SC order on dance bars hits moral cops

   By Ravi Shanker Kapoor ,  18-Jan-2019
SC order on dance bars hits moral cops

The Supreme Court has rightly diluted the illiberal Maharashtra government law that practically precluded the reopening of dance bars shut after 2005.

The Supreme Court has rightly diluted the illiberal Maharashtra government law that practically precluded the reopening of dance bars shut after 2005. While a Bench headed by Justice A.K. Sikri upheld the Maharashtra Prohibition of Obscene Dance in Hotels, Restaurants and Bar Rooms and Protection of Dignity of Women (working therein) Act, 2016, it watered down many of its provisions. As such the apex court verdict is a blow to moral policing.

The present rules stipulate that there be a partition between the dancing area and the bar/restaurant area. Further, alcohol could not be served in the dance area. The court has struck these rules down. It has also allowed tips for dancers, though disallowed showering money on them. One wonders what harm showering money on dancers does to the society. The SC has also scrapped, on the grounds of privacy, the rule that CCTV cameras be installed inside.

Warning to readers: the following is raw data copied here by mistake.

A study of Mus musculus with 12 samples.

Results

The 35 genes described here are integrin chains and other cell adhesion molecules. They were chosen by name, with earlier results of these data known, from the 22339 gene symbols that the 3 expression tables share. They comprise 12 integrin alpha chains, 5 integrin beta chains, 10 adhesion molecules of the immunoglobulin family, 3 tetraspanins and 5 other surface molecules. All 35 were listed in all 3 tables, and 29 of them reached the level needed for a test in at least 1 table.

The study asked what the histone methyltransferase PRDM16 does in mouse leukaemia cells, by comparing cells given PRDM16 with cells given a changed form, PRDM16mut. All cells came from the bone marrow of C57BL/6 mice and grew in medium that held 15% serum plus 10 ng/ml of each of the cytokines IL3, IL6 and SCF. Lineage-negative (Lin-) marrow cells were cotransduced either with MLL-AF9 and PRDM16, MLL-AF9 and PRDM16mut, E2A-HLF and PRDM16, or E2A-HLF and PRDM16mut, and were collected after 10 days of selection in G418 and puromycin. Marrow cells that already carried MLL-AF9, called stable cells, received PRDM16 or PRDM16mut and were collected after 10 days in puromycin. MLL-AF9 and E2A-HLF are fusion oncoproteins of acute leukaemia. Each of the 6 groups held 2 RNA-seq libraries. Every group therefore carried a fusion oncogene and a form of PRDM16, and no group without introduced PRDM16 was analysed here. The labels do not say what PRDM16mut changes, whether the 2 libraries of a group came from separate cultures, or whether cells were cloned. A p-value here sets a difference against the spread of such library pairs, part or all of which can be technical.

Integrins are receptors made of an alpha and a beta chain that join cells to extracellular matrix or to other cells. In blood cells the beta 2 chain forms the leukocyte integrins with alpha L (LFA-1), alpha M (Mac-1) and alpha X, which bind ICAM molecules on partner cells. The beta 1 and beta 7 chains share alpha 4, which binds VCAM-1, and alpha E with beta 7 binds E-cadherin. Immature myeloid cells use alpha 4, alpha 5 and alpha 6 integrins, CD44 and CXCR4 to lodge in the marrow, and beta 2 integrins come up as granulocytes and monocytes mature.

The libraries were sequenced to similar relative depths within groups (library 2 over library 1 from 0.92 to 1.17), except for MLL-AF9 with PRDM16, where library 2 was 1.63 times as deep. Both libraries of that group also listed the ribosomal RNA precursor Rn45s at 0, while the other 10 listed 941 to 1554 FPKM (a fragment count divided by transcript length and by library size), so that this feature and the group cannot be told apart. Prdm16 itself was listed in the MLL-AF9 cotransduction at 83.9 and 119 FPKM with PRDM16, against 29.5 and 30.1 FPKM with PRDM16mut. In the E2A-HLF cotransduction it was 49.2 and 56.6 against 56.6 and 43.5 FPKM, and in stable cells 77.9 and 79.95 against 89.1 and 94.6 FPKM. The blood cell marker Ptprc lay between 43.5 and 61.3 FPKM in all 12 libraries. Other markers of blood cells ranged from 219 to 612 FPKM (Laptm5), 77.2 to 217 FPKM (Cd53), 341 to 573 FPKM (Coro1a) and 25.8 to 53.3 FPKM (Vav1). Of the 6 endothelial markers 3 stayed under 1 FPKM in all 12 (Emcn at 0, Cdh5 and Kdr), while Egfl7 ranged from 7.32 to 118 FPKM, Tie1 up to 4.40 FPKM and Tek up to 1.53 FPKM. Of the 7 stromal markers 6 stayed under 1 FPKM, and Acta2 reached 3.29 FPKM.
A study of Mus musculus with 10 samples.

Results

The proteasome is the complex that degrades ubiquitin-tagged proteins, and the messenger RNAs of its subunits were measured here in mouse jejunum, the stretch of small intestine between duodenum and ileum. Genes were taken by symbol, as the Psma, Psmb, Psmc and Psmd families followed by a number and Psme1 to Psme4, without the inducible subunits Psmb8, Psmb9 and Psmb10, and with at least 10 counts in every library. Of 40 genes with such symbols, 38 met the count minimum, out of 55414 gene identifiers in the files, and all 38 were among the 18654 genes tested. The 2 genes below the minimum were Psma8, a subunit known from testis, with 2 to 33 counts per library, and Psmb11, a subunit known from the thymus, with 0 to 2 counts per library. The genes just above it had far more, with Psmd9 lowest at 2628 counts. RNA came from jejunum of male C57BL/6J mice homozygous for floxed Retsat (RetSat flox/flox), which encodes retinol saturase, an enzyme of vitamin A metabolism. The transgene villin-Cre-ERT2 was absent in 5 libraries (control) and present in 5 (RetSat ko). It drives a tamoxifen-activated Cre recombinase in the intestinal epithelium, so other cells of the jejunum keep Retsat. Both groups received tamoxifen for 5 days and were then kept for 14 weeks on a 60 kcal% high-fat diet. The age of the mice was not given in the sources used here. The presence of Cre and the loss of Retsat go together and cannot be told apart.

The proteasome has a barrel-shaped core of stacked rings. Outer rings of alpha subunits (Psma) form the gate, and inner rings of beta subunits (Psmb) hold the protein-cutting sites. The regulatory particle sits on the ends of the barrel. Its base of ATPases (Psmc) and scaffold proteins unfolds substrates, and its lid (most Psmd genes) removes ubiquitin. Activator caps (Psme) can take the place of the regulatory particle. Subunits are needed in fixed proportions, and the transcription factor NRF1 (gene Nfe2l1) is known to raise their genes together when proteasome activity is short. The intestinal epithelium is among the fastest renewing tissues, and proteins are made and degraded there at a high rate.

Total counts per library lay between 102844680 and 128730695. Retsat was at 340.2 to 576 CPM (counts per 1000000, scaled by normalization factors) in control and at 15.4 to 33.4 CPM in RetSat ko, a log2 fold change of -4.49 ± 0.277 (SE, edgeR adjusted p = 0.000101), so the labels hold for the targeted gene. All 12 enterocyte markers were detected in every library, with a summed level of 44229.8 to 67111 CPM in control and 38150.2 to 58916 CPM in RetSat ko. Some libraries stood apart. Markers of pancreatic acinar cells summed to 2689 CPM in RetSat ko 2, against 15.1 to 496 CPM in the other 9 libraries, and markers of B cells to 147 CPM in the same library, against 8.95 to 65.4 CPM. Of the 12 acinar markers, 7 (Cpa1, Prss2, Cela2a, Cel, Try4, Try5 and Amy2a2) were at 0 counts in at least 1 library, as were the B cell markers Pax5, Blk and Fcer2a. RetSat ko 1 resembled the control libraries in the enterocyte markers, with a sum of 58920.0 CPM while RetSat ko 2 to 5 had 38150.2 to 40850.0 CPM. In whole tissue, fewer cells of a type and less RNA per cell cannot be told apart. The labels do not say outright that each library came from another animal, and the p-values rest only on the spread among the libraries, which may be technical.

#SupremeCourt का बड़ा फैसला, मंबई में डांस बार पर कई शर्तों में छूट के साथ फिर से खुल सकेंगे डांस बार।#Mumbai #DanceBar@MumbaiPolice @CMOMaharashtra


The Dance Bar Girls Association has expectedly welcomed the verdict, but the same could not be said about the Maharashtra government. One would have hoped that the state politicians would get chastened and scale down, if not give up, sanctimoniousness, but that is not to be. State Home Minister Ranjeet Patil brazened it out saying that the ruling “does not reflect the public sentiment in Maharashtra which was against dance bars.”

It is disingenuous on the part of Patil to have said that, because Maharashtrians’ sentiments have seldom been respected by his government—or, for that matter, any other government. Every year, for instance, monsoons cripple Mumbai, the country’s financial and cinema capital.

The political class in the state has not been able to make significant improvement in infrastructure and governance. It is time it remained focused in these areas rather than indulge in making the lives of fun-lovers miserable.